From Warren to Trump: How Big Tech became fashionable to hate

Mar 2012
New Hampshire
Big Tech has become a big target on Capitol Hill.

The shots have come recently not just from Trump and his Republican compatriots, but also from the likes of Democratic presidential candidate Elizabeth Warren and disillusioned liberals. Last year, during a joint Senate judiciary and commerce hearing, Booker grilled Zuckerberg about "how technology platforms Facebook can actually be used to double down on discrimination" by running ads that exclude certain groups.

On Tuesday, Congress launched the first of a series of antitrust hearings targeting internet giants, part of a display of bipartisan condemnation that has marked a shift in how mainstream politicians across the political aisle view the largest online corporations dominating cyberspace. Lawmakers have vowed to place regulatory frameworks around the industry, if necessary.

"Politics is fashion," said Rebecca Allensworth, who teaches antitrust law at Vanderbilt University in Nashville. "Ten years ago, it was all about being champions of these companies. Now it's very fashionable to hate on them." The sheer size of companies like Amazon, the world's largest online retailer, invite deep scrutiny, Allensworth said. The company's expansion has raised flags about its labour practices, while Google has faced privacy and data-protection issues. Apple has been dogged by antitrust concerns.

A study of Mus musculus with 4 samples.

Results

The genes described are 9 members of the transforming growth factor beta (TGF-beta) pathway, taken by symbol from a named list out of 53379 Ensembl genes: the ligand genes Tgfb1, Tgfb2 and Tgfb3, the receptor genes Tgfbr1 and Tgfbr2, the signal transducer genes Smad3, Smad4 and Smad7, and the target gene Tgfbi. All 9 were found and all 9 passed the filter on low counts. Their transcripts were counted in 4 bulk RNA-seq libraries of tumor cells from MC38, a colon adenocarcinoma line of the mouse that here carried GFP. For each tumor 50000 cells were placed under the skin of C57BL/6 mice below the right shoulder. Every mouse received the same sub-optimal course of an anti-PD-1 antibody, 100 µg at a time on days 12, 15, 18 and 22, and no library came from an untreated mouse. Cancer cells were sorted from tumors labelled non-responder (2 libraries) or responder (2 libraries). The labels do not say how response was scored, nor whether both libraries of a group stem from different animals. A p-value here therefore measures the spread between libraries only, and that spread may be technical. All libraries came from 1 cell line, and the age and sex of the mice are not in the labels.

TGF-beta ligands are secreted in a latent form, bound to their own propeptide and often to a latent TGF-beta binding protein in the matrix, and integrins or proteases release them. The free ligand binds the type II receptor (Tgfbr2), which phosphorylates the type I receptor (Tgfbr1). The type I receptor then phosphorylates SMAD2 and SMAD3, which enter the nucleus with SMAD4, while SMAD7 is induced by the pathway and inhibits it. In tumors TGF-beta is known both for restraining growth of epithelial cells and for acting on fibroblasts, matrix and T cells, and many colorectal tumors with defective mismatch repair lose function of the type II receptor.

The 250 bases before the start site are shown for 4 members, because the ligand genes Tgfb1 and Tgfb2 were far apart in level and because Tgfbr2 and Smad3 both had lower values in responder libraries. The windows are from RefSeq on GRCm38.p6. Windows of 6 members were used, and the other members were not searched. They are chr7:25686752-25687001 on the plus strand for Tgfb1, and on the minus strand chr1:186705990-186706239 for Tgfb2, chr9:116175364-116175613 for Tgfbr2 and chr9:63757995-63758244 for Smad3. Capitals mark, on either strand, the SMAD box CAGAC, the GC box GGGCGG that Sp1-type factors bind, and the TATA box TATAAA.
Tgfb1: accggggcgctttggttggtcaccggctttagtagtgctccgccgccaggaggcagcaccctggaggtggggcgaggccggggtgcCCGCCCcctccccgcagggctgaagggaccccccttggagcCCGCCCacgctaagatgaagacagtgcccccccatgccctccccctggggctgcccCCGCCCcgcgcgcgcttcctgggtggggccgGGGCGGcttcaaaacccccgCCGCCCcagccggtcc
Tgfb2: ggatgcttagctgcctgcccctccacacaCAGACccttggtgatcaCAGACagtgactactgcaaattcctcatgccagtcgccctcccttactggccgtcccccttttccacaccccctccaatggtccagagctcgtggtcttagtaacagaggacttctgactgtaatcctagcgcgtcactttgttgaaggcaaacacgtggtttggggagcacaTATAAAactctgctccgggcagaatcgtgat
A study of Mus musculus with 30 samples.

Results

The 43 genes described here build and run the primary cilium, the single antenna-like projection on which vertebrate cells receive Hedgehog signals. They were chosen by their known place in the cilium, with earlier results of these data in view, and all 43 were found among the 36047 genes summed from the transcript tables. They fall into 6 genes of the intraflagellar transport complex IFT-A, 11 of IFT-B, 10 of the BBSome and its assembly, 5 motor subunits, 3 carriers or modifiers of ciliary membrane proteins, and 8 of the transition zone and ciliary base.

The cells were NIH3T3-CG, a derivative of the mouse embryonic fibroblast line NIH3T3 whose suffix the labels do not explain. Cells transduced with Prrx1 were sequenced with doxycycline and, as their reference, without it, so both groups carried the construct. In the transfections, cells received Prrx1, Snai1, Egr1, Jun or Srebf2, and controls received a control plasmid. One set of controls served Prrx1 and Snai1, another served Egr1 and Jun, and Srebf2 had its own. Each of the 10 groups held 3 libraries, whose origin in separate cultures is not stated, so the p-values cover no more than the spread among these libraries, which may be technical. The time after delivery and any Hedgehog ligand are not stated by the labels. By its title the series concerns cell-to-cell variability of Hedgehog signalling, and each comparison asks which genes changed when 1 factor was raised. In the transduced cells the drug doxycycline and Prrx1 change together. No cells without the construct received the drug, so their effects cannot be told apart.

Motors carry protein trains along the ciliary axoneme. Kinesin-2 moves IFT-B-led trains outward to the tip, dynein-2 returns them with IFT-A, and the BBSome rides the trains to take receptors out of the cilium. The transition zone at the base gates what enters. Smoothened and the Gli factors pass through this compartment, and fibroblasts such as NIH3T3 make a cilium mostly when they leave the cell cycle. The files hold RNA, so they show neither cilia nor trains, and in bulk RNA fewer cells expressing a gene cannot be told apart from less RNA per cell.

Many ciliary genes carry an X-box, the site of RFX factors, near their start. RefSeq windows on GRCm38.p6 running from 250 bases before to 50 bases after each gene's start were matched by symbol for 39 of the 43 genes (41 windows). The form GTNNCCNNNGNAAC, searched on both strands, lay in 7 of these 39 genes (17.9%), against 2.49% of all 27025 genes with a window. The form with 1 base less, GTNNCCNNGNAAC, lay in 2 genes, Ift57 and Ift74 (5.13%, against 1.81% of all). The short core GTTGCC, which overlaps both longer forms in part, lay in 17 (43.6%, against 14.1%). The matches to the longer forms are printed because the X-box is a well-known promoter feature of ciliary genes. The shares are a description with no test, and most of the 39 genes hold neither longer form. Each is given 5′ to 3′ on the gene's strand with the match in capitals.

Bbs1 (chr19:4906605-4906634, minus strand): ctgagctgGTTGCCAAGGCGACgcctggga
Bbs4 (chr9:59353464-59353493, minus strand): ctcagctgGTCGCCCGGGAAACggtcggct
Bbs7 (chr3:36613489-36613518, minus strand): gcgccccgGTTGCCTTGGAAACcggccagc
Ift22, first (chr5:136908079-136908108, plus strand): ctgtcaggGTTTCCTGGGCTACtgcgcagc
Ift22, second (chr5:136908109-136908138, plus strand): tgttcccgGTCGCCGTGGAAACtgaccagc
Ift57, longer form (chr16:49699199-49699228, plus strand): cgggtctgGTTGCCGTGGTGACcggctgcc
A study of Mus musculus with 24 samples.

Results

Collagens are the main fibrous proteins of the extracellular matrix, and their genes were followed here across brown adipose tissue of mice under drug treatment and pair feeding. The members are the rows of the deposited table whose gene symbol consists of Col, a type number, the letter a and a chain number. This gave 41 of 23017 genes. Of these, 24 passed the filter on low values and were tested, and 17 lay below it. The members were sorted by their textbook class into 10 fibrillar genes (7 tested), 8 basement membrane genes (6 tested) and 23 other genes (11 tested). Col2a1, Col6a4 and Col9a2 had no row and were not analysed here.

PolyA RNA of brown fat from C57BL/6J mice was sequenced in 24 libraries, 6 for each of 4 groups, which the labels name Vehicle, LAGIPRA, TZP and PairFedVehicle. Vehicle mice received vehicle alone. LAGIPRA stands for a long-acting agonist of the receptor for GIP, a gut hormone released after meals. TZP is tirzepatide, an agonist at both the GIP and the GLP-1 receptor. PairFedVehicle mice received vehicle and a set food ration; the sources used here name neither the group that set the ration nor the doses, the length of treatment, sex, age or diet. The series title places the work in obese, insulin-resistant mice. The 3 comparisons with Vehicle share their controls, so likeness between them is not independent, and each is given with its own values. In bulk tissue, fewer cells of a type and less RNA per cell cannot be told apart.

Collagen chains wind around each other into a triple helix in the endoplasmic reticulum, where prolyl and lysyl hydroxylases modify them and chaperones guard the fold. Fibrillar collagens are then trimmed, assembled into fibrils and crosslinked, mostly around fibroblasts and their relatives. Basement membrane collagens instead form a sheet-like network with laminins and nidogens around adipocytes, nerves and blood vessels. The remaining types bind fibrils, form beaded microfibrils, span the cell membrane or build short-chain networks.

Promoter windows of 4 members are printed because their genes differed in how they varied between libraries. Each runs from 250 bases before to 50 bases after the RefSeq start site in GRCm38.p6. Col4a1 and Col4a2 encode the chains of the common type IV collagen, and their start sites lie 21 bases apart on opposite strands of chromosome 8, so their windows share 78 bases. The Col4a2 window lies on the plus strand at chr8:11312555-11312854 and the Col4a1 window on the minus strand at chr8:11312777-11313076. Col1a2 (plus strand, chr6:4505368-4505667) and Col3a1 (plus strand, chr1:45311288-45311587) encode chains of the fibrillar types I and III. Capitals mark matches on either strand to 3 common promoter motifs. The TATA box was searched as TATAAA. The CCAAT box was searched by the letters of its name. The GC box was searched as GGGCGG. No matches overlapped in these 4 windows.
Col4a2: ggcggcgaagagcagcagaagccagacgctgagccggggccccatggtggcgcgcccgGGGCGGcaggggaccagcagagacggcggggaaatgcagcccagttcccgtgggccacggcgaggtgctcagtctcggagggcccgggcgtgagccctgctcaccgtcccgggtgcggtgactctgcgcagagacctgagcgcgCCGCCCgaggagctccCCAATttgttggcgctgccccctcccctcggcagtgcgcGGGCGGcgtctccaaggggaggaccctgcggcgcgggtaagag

"It's about the amount of information these corporations are gathering and the sloppiness with which they care for that information," she said. "It's the revelations that these corporations interfere in the distribution of news and information within our society and sort of choke off trustworthy journalism by stealing their advertising revenue."

Harper Reed, who helped lead voter-data collection as Chief Technology Officer for Barack Obama's 2012 presidential campaign, also cautioned that regulation could send the wrong message to a generation of entrepreneurs.